University of Waterloo
Many outstanding problems of modern physics involve understanding the origin and properties of strongly interacting quantum systems. Such correlated quantum systems – such as the high-Tc superconductors and quark-gluon plasma in a particle collider – are present in various energy scales. In an interacting quantum system, entanglement or non-classical correlations between parts often makes theoretical or numerical analysis intractable. An experimental way to solve this problem is to simulate quantum models using well-controlled quantum systems in the laboratory. In these experimental ‘quantum simulators’, it is possible to add complexities and increase the system size in a controlled way. The long quantum coherence in these systems allow their temporal evolution following the quantum laws of nature. The task of the experimentalist is then to initialize the system in a known state, engineer the desired quantum Hamiltonian, let the system evolve in isolation from its environment, and finally measure the outcome. The knowledge gained from studying non-trivial quantum models can potentially lead to the understanding of exotic quantum phases of matter, and give fundamental insights towards realizing quantum computers.
The main research focus of the QITI laboratory is to use laser-cooled trapped ions to simulate non-trivial quantum Hamiltonians. The long range Coulomb interaction between the ions would be exploited to engineer versatile spin Hamiltonians. The spin interactions can be tuned, in principle arbitrarily, and the individual spins can be detected with near perfection. Multi-spin interactions can be created, allowing us to study interacting (spinless) Fermions. Further, the phonons associated with the collective vibrational modes enable us to study interacting bosonic Hamiltonians, such as the Bose-Hubbard model. While trapped ions normally have long quantum coherence, one can introduce dissipation in a controlled way for studying open quantum systems. Interacting Hamiltonians and open quantum systems are often hard to simulate on classical computers, and may become intractable beyond 30-40 spins. The QITI laboratory aims to work in the regime where classical computation is difficult or intractable.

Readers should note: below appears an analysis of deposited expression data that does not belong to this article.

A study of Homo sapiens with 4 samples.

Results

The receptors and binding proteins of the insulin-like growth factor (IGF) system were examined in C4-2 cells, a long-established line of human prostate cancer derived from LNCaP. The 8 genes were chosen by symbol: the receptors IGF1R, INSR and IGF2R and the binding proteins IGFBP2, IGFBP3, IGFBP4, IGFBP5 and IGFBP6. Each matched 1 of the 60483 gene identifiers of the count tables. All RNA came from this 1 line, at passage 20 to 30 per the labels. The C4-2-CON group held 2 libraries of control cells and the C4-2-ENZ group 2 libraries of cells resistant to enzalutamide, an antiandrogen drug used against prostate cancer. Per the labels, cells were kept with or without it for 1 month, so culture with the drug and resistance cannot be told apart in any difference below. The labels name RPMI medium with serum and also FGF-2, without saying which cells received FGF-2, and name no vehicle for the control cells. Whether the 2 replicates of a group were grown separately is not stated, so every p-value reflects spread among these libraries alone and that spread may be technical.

Dynamical Hamiltonian engineering of 2D rectangular lattices in a one-dimensional ion chain
F. Rajabi, S. Motlakunta, C. Shih, N. Kotibhaskar, Q. Quraishi, A. Ajoy, and R. Islam.
npj Quantum Inf 5, 32, (2019); arXiv:1808.06124
A complete list of Dr. Islam's publications is available on his research site.
2012 Ph.D. in Physics, University of Maryland, College Park
2007 M.Sc. in Physics, Tata Institute of Fundamental Research, Mumbai
2005 B.Sc. in Physics, Jadavpur University, Kolkata
The University of Waterloo acknowledges that much of our work takes place on the traditional territory of the Neutral, Anishinaabeg and Haudenosaunee peoples. Our main campus is situated on the Haldimand Tract, the land granted to the Six Nations that includes six miles on each side of the Grand River. Our active work toward reconciliation takes place across our campuses through research, learning, teaching, and community building, and is centralized within our Indigenous Initiatives Office.